Marines could someday control tactical robots using a glove that measures electronic signals or a watch that picks up gestures, thanks to technologies on display at a recent robotics controller challenge sponsored by the Marine Corps Warfighting Lab.

The lab is now in the final stages of selecting at least one or more of five cutting-edge technologies to study more closely. That will include and tests with Marines, which will kick off a three-year study of intuitive controlled robots and their use in combat. At this point, said Capt. James Pineiro, ground combat element branch head for the lab, there are lots of possibilities and few definitive answers, said Capt. James Pineiro, ground combat element branch head for the lab.

"When you do these things you don't always know where it leads," Pineiro said. "We do know that autonomy and robotics can help us. We're trying to figure out how."

At the lab's Intuitive Robotic Operator Control Challenge, held Oct. 20-24 at the Muscatauck Urban Training Center in Butlerville, Indiana, the technologies did not only have to impress Marine officials: they had to demonstrate they could work without disruption amid the chaotic sights and sounds of war.

During certain trials, the center generated atmospherics including battle sounds and smoke to test the systems' ability to understand and respond to commands despite the distractions.

The five technologies in the running include:d,

  • The NASA Jet Propulsion Laboratory, a voice recognition control system that used an open-source voice recognition library from Carnegie Mellon University.
  • also from JPL, aA "biosleeve," also from JPL, that used dry contact sensors to read electrical impulses in the user's left arm.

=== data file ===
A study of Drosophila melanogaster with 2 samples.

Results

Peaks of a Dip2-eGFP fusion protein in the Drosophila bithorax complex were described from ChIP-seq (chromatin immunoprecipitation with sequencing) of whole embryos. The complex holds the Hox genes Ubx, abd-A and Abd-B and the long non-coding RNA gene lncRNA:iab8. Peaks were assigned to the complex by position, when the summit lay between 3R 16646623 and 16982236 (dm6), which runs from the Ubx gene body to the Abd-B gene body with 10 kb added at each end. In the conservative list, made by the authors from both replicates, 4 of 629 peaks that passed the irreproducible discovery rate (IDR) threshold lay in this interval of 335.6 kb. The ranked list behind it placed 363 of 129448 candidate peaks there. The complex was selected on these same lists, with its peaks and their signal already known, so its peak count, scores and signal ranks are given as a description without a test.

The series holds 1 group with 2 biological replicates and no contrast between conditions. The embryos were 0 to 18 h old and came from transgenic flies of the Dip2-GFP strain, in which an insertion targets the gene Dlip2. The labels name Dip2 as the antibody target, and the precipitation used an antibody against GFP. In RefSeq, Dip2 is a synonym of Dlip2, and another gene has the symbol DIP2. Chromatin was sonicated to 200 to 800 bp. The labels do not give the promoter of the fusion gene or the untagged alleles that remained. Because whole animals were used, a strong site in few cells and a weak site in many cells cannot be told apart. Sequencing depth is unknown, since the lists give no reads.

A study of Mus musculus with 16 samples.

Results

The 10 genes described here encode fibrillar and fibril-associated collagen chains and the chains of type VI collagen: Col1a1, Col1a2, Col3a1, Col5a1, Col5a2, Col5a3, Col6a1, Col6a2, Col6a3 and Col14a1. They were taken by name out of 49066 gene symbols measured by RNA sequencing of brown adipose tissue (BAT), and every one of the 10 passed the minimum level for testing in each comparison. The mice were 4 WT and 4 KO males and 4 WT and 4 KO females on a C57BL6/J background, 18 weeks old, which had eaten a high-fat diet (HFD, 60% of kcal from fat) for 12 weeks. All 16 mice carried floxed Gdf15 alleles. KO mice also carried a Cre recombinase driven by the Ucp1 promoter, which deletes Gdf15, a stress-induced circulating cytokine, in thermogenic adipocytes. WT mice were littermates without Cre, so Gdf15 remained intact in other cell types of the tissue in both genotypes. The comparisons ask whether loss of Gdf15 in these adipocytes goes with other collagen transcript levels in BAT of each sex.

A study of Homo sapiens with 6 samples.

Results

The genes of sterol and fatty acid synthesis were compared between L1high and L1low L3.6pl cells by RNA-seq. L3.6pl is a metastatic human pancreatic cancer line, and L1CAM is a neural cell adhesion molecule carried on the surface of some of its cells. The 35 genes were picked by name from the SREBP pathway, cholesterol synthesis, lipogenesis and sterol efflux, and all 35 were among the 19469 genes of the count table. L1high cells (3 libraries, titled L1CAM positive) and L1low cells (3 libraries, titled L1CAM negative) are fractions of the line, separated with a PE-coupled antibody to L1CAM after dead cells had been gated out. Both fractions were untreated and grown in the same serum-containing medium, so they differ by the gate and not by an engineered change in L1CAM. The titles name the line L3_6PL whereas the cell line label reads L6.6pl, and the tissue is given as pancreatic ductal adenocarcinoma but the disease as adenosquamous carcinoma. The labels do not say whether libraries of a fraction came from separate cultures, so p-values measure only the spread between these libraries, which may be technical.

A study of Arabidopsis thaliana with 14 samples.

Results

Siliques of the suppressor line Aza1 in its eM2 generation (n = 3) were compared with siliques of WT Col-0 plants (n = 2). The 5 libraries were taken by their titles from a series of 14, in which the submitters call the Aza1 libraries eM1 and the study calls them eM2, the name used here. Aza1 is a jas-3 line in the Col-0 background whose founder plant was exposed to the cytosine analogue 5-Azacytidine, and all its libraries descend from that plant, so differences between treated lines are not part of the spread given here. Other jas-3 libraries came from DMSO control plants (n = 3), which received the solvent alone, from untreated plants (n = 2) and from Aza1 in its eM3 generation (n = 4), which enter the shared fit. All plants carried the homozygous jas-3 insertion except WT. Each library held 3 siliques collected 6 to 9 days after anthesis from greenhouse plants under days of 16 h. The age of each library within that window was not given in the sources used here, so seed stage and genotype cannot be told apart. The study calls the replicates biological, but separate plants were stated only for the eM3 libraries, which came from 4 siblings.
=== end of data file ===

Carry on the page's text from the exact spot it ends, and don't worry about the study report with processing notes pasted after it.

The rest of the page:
• from Anthrotronix Inc., aA wearable glove system from Anthrotronix Inc., with fine motor sensors.
  • A speech-and-sketch tablet interface that allowed a robotic system to confirm commands and clarify with the user before following them.
  • and from SoarTech, aA wrist-worn smartphone that reads gestures from SoarTech.

A user demonstrates a robotic control during recent testing. Marines could be called on to test robotic controls in the field.

Photo Credit: Courtesy of Marine Corps Warfighting Lab

The objective was to come up with a system that would keep an operator from having to stay "head down" in the controls, Pineiro said and to communicate with a robotic system "in a way comparable to the way mMarines talk in a dismounted squad by visible or signals."

"We wanted to quantify the promising technologies that are out there right now," he said.

Using a generic unmanned ground vehicle the vendors brought with them or one of the lab's Dragon Runner small unmanned ground vehicle systems, the controllers navigated three challenges. The first tested command recognition amid the fog of war; the second demonstrated the ability of the systems to execute a mission similar to one that might emerge in battle with as little human interaction as possible; and the third had the robotic systems accompany an operator through environments similar to combat zones to troubleshoot challenges that might interfere with the command interface.

The teams performed each challenge on their own, as Warfighting Lab officials took notes, but provides no feedback.

Pineiro said lab plans to select a winning technology -- or combination of technologies -- by New Year's. The three-year study that follows will likely include experiments in which Marines work with the systems and test their ability to perform a range of combat-related jobs.

While the parameters of military robotics technology are still being explored, Pineiro said troops have plenty of reasons to welcome the new research.

"[Robotics] can take some of the dull and dirty tasks away from Marines," he said.